The disease in cows has relapsed after six years in the U.S. According to a news report by Reuters, Major markets for U.S. beef from Canada to Japan were stable and open to imports after assurance was given to importers that surveillance systems will ensure the safety of the food system.
The USDA on Wednesday confirmed that a case of mad cow disease was found in a California dairy cow. This particular case is the 4th case found in the US since 2003. A report by the Huffington Post stated that this particular diseased cow was found in Hanford, Calif. The case was spotted by local workers during a random sampling. So far there have been no reports about the origin of this cow. No one knows which farm it came from and that’s a pressing concern.
USDA Chief Veterinary Officer John Clifford has confirmed that this cow has not entered the human food chain and that all U.S. meat and dairy supplies are safe. He further said, “It was never presented for slaughter for human consumption, so at no time presented a risk to the food supply or human health,” according to the same report of Huff Post.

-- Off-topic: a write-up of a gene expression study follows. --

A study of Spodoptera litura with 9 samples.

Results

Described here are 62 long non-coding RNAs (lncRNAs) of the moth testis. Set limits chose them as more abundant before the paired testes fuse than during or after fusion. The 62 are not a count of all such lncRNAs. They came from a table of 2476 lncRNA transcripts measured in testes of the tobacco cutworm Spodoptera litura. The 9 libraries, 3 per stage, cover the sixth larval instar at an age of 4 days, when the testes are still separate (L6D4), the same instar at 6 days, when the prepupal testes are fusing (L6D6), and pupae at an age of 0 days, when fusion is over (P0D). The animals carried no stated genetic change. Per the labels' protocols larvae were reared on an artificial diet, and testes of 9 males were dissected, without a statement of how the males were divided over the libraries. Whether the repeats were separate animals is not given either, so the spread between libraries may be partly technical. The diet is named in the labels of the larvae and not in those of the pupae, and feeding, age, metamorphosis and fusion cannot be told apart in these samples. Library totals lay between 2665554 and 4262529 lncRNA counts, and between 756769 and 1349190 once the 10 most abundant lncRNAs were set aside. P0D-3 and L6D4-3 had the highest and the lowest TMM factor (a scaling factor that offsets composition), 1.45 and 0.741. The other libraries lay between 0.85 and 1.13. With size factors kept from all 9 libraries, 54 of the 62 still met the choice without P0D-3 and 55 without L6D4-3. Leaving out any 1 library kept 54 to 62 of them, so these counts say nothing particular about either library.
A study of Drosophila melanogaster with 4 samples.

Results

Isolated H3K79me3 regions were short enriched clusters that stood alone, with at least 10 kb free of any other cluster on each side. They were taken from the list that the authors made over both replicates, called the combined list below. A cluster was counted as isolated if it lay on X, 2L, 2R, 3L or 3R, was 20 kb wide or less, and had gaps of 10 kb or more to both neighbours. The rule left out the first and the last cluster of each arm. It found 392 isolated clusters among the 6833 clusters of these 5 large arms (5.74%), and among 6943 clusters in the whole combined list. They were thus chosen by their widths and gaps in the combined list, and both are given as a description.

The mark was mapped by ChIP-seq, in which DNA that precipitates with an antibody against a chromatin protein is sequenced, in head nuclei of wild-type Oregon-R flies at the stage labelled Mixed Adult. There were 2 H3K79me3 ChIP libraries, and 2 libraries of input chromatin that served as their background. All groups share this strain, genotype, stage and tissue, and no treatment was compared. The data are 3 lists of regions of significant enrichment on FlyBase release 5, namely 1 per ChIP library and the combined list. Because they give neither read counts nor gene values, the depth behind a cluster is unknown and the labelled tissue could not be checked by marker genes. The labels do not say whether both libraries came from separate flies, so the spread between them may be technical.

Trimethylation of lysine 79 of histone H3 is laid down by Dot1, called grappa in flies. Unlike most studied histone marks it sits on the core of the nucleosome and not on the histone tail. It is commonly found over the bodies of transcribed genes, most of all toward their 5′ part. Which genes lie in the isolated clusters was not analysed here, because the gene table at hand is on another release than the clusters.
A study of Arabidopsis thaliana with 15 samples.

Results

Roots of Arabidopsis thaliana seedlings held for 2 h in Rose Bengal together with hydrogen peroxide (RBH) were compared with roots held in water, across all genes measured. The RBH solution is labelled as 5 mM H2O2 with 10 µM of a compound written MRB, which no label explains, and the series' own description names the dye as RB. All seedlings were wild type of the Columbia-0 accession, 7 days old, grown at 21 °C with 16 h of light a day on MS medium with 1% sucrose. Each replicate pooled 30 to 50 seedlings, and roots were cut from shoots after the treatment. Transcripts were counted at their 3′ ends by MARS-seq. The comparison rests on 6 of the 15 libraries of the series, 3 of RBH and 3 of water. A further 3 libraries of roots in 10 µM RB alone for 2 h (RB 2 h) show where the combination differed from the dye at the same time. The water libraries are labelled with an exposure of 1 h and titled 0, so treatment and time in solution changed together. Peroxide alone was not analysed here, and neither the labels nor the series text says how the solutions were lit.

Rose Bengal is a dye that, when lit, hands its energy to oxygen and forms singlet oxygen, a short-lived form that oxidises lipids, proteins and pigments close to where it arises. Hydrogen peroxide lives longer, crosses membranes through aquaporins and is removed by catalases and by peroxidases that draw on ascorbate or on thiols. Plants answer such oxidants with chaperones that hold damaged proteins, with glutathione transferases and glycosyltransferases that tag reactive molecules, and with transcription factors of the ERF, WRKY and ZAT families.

Upon further investigations, the USDA reported that the infected cow’s carcass was being held under the custody of the state authority at a California rendering facility.
Despite the risks and awareness about the mad cow disease, importers from various countries including Mexico, Korea, Japan, Canada and the European Union will continue to import beef from the US. There are only two major retailers from South Korea who have become risk averse and are going to temporarily halt the sales.
Korean retailer Lotte Mart, a unit of Lotte Shopping Co. released a statement saying it had suspended sales due to what it said was "customer concerns", as did Home Plus, a unit of Britain's Tesco PLC.
The USDA is taking preventive and precautionary measures to reduce the threat from this particular case. Samples of the infected cow are going to be tested at high tech laboratories in Canada and Britain for final confirmation. According to USDA statements, the steps taken so far are consistent with OIE standards.
Experts monitoring this case have said that this is an anomaly and a very rare occurrence. In such instances a cow catches the disease spontaneously instead of the feed.